In the last few months, and mainly thanks to social media like Facebook and Twitter, I have been meeting and interacting with a good number of colleagues about all things digital in general and foreign language education.

There is great excitement in the air about either integrating ICT into educational programmes or, “going all the way”.

Pictures of another reality

I read colleagues tweets and blogposts with great interest. Reading them, you get the impression that they all work in environments where all this is possible:

The Institution

  • Has a budget which allows all this to be available in every class
  • Supports the training/retraining of the teachers
  • Has a system in place which encourages and motivates the teachers to introduce innovations into the programme
  • Pays the teachers well – teachers do not have to resort to extra private tutoring or other work to eke out a living
  • Uses materials which allow for a flexible syllabus and integration of ICT into the learning programme
The teachers
  • Are fully trained and qualified in the principles and practices of teaching foreign languages
  • Are familiar with the new literacies needed in order to put all this into practice
  • Are appropriately rewarded and have job satisfaction which does not only rely on a good remuneration
  • Are eager to continue developing as teachers
  • Are motivated and willing to put in the extra time it takes to continue developing
  • Are self driven and capable of continuing to develop independently

The classroom

  • There is a laptop for every student in every class
  • There is fast internet available – wired or wireless – available to all
  • There is a data-projector installed or a Smart Board for central projection of images, videos, etc.
  • There is central storage capability – a server – where students can leave, find, edit their own and each other’s work.
The Students
  • Are familiar with the new literacies assumed to be in place
  • Have their own PC or laptop at home
  • Have fast internet connections at home
  • Have a level of education that allows them to process instructions for new tools
  • Can understand instructions written in English
Pictures of my reality

I live in Greece and run teacher education centre in the capital. I feel privileged in that the teachers, administrators and directors of studies I get to know best are those who are, in fact, interested in teacher development.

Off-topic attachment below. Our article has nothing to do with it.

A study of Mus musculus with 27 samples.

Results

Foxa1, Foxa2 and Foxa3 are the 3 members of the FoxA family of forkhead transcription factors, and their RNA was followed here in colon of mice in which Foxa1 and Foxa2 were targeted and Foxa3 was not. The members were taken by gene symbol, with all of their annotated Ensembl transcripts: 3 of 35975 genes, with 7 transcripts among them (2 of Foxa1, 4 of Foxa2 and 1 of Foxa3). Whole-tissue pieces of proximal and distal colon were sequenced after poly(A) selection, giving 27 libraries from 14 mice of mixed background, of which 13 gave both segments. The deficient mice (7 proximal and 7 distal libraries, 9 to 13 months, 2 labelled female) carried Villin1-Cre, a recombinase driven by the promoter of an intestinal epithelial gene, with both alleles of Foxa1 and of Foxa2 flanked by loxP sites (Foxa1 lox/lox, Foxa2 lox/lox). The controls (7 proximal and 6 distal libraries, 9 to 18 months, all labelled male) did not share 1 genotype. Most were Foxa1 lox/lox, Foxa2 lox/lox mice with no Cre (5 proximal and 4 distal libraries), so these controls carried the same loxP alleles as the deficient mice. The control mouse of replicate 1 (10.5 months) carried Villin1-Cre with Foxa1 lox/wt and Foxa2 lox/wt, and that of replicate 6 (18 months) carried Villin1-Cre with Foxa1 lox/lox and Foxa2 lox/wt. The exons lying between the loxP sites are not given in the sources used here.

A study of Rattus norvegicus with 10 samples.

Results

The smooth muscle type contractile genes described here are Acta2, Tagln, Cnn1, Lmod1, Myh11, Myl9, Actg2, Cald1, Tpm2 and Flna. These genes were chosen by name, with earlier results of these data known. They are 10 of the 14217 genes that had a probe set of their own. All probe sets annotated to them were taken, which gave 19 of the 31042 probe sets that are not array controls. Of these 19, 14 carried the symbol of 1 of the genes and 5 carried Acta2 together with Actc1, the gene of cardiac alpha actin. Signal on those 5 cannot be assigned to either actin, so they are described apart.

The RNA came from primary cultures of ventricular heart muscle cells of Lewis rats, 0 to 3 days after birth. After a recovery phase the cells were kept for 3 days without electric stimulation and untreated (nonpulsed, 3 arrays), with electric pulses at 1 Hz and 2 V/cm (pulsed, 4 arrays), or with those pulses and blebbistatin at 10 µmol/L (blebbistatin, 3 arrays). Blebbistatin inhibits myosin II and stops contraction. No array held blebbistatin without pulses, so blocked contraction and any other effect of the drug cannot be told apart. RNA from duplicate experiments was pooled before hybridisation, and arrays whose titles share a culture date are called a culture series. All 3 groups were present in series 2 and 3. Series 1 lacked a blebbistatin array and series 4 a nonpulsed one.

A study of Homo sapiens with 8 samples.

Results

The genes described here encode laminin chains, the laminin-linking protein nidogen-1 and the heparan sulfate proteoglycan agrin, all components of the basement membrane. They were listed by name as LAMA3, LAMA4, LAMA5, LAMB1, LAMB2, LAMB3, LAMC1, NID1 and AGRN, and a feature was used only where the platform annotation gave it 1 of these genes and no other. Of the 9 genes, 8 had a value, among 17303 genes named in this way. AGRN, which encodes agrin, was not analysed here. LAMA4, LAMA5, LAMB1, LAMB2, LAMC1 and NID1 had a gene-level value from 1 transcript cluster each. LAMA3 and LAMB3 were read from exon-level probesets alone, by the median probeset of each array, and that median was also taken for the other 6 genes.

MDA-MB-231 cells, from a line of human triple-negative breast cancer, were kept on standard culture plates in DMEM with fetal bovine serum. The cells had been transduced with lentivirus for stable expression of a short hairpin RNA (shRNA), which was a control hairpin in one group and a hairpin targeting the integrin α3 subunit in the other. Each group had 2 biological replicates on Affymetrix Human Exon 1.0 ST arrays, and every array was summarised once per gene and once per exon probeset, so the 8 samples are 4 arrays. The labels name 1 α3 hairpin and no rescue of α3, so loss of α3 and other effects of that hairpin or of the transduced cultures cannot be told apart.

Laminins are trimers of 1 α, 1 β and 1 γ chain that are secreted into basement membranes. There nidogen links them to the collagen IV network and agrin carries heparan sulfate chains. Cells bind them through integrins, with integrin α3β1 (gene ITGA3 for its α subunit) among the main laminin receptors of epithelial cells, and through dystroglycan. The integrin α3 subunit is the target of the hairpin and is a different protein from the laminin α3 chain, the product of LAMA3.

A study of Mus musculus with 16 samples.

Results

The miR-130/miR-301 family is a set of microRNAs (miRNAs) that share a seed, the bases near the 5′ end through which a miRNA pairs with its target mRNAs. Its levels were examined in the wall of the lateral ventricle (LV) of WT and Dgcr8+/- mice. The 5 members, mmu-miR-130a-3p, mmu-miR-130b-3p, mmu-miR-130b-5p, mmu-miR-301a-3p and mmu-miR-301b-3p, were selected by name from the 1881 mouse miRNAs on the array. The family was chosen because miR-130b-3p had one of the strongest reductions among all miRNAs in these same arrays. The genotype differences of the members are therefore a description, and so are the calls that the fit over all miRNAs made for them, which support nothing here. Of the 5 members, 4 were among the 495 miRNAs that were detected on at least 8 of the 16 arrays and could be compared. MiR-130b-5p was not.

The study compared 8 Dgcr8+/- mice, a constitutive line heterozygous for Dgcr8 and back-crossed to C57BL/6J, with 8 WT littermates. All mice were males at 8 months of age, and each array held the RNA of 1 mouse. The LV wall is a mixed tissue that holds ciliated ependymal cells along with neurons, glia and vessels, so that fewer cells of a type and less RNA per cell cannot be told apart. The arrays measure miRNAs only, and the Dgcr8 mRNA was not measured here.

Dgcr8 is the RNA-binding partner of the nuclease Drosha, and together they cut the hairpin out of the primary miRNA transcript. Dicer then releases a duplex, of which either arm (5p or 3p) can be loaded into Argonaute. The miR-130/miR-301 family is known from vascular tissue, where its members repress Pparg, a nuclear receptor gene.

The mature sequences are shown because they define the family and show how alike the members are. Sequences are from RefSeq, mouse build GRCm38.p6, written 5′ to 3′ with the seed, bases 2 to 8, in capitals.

But this is not the majority of the TEFL field locally. The vast majority of foreign language centres is run by teachers who are operating on a teaching licence which only requires them to have a Cambridge Proficiency in English or a Michigan equivalent. No TEFL training is required to set up or manage an institution and TEFL institutions can also be started and managed by entrepreneurs in totally unrelated fields.

This type of school owner/administrator/acting teacher is most often not familiar with TEFL courses available locally or worldwide. They have been doing very nicely, thank you, without them, and they are also not that keen on employing teachers who have such qualifications, simply because they feel threatened by them!

Just the other day, a teacher who recently obtained the CELTA Certificate from my institution reports that she was asked “What is this CELTA?” by a school administrator interviewing her in Athens!

Others report being hired and then being specifically told not to use any of that stuff they learnt on their course, “because it does not work”.

In this particular context, the major innovation at the moment are IWB’s but how they are used is a question I cannot answer. ELT publishers who have jumped on this particular bandwagon are making a mint by producing specific coursebook related software, which may or may not be pedagogically useful or suitable, but which is commonly addressed to the untrained teacher – of course, otherwise, they would not sell.

You may have guessed that the assumptions listed above are simply not part of the local reality. I cannot say whether this is due to poor pay, lack of education or an institution whose microclimate simply does not encourage teacher development.

The Paperless Classroom

Much of this post is inspired by Shelly Blake-Plock’s post on his TeachPaperless blog. Β This is not to say I disagree with his 11 things. On the contrary, I do also believe that technology will not go away, in fact it is probably our future, that meeting strangers is a great thing, and that it is our role to be advocates, campaigners and promoters of, not just technology, but quality in education in general.

Yet I cannot help but feel that his thinking is based on the assumptions mentioned earlier on, which in my particular context just don’t check out!

Parents are in fact often an obstacle to innovative teaching methodologies – they haven’t experienced them and do not believe in them. Hence, they will reward and support institutions which make them feel comfortable and use the “old trusted methods”

There is a vicious circle in this which I am certain you can imagine and so I will not go on with it.

How can we change this picture?

I truly have no answer to this! I have battled all my life, often going against the current, and I think I have had some influence to the local learning context, but this is only at a small, often not influential, individual level.

This post is not intended to answer any questions or to suggest that we should not be excited by new developments.

You can call it a pet rant or a call from the hear but I would like to invite other members of my professional community (my PLN, as it were!) to respond by either contributing their own “Picture” of their local context, or by contributing ideas for a way out of this.

I would be happy to either publish or list any articles/posts that could develop or add to the picture.